Shipowners' investment in car carrier newbuildings has accelerated past $3.2bn this year after Eastern Pacific Shipping and Zodiac Maritime signed huge orders.

TradeWinds reported that Idan Ofer's Eastern Pacific has contracted 12 ships in China worth $1bn, while brother Eyal Ofer's Zodiac put pen to paper on a deal for 14 vessels worth $1.1bn, also in China.

Shipbroker Affinity (Shipping) said between 20 and 30 pure car/truck carrier newbuildings have been contracted in the past few weeks.

VesselsValue's head of ro-ros and vehicle carriers, Daniel Nash, called the 2021 total "an astonishing amount of money for a niche sector".

He calculated that this year's tally to date beats that of the previous six years combined.

"If we include options, a whopping $4.4bn has been agreed year to date," he said.

Japanese shipyards have raised prices to $100m for LNG dual-fuel vessels of 7,000 ceu, up by a "staggering" $10m compared with last year, he added.

Chinese yards have followed, but still maintain a healthy discount, quoting $88m for an equivalent specification.

"Rapid steel price inflation, combined with a post-Covid supply vacuum, have skyrocketed newbuild prices following a barren period of low orders stretching back to 2016," Nash said.

Forty vehicle carriers have been contracted this year, as well as 16 options.

The dual-fuel vessels will form a "premier" asset class for an electrified car market, Nash argued.

But price rises are not limited to new ships.

Secondhand values up as well

Older car carriers have also risen in value. Photo: SAIC Anji Logistics

Secondhand sale prices exploded in the second quarter as operators battled to secure tonnage, VesselsValue data shows.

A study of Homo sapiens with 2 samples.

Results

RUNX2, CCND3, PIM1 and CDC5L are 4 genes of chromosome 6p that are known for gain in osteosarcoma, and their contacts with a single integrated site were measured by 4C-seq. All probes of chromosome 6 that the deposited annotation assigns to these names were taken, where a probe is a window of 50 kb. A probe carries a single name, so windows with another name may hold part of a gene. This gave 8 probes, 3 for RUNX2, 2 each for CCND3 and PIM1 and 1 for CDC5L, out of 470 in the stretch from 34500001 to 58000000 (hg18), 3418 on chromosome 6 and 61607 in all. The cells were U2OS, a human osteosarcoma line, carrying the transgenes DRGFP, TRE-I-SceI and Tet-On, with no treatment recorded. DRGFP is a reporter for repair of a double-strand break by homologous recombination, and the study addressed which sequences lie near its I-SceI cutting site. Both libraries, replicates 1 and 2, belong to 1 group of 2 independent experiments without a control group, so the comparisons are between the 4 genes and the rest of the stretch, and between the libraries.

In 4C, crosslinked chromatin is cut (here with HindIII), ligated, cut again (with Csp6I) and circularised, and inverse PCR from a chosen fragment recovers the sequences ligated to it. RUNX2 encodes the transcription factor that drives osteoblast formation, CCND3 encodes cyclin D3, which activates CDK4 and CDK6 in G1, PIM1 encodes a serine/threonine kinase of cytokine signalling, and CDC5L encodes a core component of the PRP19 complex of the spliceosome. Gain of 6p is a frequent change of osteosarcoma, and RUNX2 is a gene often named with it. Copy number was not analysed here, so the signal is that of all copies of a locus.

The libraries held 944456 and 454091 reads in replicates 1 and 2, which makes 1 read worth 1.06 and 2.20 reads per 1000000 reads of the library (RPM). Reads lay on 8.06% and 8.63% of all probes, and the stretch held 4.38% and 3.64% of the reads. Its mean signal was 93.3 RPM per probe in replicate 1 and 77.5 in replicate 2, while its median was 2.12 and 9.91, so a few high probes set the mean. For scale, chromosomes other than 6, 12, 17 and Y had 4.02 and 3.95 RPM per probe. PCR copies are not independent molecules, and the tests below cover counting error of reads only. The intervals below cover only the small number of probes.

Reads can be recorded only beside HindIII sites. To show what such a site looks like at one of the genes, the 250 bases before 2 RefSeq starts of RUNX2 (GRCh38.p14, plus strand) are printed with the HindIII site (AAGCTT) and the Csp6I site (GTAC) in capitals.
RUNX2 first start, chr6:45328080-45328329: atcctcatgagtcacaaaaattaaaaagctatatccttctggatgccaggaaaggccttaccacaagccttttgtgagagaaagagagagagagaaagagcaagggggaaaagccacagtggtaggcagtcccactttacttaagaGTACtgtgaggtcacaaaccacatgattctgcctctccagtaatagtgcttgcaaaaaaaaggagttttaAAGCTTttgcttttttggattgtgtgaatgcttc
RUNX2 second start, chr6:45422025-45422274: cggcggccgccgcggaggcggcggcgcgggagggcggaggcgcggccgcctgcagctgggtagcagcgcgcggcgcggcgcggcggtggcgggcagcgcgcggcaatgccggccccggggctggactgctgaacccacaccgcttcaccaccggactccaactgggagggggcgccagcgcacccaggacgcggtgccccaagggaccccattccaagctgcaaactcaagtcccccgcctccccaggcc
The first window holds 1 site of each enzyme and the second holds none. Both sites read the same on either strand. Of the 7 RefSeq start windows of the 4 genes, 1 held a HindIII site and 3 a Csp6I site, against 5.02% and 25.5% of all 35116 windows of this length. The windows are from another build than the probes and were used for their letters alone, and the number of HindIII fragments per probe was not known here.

The 23-year-old, 6,400-ceu Asian King (built 1998) sold for an "eye-watering" $23m in June, Nash said.

He called this a "remarkable" price compared with the 6,400-ceu Perseus Liberty (built a year later), which went for $13.8m two months earlier.

"Such price inflation has inevitably led to talks of a supercycle buoyed by a hot charter market," he said.

Rates have firmed to $30,000 per day for midsize 5,000-ceu units and $35,000 per day for 6,500-ceu ships.

"It’s a seller’s market — buyers beware," warned Nash.

The number of sales has been "average", however, because owners are reluctant to let go of tonnage in a supply-starved market, expecting higher values, VesselsValue explained.

Some operators have chartered out their owned ships, enticed by lucrative earnings from a booming rate environment.

Nash believes current market conditions could last into 2024 based on an underlying lack of tonnage.

Looking back to 2010, a healthy number of deliveries hit the water — 8% of the fleet, excluding units of less than 1,000 ceu.

However, by 2013, deliveries had more than halved, stabilising at just above 20 vessels per year through to 2018, before declining into single figures from 2019 prior to Covid.

The current orderbook at 5% includes four deliveries in 2022, 10 in 2023 and 19 in 2024.

Paying a high price for spree

K Line took delivery of the 7,080-ceu Century Highway Green this year. Photo: K Line

"Owners have reacted this year, with a respectable number going on a major shopping spree, but they are paying a high price for leaving it late," Nash added.

However, newer ships will be able to take advantage of the rise in demand for electric cars, which weigh 20% more than conventional vehicles.

Ships with low deck strengths will be disadvantaged, but demand will rise for modern ships.

Vessels trading to used car markets such as Africa are less exposed to this headwind.

"However, this is already an issue for ships operating on major east-west liner routes delivering finished new cars to European and North American markets, with long-term ramifications for fleet development," Nash added.

Cargo-miles will also receive a boost in the short to medium term, he believes, as more capacity is required to carry the same volume of seaborne cars around the world.

And supply chains will continue to be choked by the stop-start nature of the pandemic, restricted by slow terminal operations and vessel delays at congested ports.

Nash sees this as "the new normal", reducing liner frequency and therefore the overall supplied capacity available for ocean exporters.